Following Capitol riot, California Dem concerned about GOP House colleagues

"I was fearful enough to take off my jacket, to take off my lapel pin, to take off my tie, to blend in as much as possible, not to seem like a member of Congress."

Two weeks after rioters breached the Capitol, Congressman Jimmy Gomez (D-Calif.) spoke with FOX 11’s Elex Michaelson about his experience that day in the building, his hope for the future, and his trepidation about some of his new Republican colleagues in the House.

"The new batch of Republicans that got elected, some of them are QAnon believers," said the Los Angeles Democrat. "They believe that there is a pedophile ring that’s controlled by the highest levels of government, and only Donald Trump is the one that can take back the government and defeat them."

"Wouldn’t you be concerned about those kinds of people?" Michaelson asked.

"I am," Gomez replied.

Those concerns come after Gomez, alongside some dozen other House members, was trapped in the Chamber balcony as protestors entered the building. The group had been seated there in order to socially distance during a debate over the certification of the 2020 Presidential election.

One of the members trapped with Gomez was Congresswoman Norma Torres (D-Calif.). This week, Torres, revealing her ongoing trauma following the incident, admitted she had purchased a bullet-proof vest to protect herself from any potential threats at this week’s inauguration, adding that she was "encouraging all of my colleagues to do the same thing."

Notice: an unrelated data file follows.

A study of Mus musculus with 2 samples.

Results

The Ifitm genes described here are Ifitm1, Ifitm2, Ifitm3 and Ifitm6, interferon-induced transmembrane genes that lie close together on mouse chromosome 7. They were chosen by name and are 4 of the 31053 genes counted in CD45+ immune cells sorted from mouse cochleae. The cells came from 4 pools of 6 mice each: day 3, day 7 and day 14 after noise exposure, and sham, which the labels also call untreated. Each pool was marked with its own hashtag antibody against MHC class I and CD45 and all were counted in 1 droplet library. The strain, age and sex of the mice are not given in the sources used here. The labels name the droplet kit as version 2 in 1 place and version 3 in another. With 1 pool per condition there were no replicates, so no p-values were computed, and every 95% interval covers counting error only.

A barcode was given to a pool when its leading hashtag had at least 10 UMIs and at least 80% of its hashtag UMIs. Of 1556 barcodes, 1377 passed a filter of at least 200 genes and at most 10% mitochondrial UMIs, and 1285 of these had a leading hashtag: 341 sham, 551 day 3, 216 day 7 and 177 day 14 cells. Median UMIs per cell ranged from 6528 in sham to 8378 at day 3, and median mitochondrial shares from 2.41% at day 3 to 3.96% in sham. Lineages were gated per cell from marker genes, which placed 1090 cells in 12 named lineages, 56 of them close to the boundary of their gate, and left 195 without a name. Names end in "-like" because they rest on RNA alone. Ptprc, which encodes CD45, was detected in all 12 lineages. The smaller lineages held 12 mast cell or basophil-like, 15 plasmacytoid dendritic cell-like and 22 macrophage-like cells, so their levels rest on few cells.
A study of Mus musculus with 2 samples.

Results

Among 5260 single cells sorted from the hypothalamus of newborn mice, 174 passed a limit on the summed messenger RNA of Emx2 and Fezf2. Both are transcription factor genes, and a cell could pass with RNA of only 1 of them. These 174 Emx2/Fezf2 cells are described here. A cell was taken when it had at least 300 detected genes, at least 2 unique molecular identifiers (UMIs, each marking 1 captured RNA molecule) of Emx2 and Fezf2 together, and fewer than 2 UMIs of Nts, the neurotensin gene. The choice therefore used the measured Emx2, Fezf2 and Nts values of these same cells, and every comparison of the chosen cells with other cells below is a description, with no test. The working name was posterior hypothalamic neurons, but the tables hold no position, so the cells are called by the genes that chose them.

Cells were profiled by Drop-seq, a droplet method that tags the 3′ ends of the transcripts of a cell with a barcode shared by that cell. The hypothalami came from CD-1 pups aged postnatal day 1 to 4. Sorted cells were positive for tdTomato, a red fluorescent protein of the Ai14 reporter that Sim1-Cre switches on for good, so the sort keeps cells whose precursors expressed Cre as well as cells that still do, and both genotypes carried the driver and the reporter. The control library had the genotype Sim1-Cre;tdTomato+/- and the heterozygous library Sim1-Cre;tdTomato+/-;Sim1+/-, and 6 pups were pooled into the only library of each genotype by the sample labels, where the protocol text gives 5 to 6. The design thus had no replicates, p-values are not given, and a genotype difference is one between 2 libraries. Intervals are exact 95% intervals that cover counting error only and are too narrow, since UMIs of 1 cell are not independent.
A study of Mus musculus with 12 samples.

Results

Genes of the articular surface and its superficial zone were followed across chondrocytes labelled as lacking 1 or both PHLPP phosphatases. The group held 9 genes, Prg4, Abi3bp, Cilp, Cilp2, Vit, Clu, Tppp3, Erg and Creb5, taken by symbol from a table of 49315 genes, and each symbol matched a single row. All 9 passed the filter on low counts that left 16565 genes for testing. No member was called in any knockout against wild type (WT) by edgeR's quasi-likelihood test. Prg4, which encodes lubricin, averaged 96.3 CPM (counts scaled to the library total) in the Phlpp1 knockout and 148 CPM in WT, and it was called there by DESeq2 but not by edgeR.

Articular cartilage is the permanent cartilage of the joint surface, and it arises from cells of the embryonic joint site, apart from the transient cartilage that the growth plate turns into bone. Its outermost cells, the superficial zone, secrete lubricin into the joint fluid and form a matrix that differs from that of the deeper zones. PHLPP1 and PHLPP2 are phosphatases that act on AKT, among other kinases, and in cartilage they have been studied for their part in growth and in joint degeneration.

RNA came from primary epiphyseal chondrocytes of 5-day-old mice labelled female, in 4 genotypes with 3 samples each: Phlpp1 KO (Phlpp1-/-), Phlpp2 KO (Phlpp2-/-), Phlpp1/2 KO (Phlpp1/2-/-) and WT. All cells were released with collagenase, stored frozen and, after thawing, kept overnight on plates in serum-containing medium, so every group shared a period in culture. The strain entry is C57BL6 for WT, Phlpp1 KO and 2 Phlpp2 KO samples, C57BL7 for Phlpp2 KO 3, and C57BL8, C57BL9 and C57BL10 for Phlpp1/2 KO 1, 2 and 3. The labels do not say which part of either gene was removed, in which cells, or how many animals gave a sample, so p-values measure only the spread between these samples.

Michaelson asked Gomez if he was considering the purchase.

"I am, and so are a lot of my colleagues," Gomez answered. "We are concerned, not only about our colleagues, but just extremist elements that are out there in the country that have been emboldened by this attack that was incited by Donald Trump on January 6."

Those bullet-proof vests will not be the only increased security at President-Elect Joe Biden’s swearing-in on January 20. 

Currently, more than 25,000 National Guard members are patrolling the streets of Washington DC, a total more than four times greater the number of troops now stationed in Iraq and Afghanistan, combined.

Despite potential threats from colleagues, outside extremists, or even within the ranks of the National Guard, a fear which prompted FBI vetting of each deployed troop, Gomez appeared hopeful about what is ahead.

"A new beginning for this country is beginning on January 20, 2021 with the installation of Kamala Harris and Joe BIden as Vice President and President of the United States," Gomez said. "I think it’s gonna send a signal of hope and inspiration that better days are still ahead of us, that our country is still functioning, and that we can bring our country together despite our differences."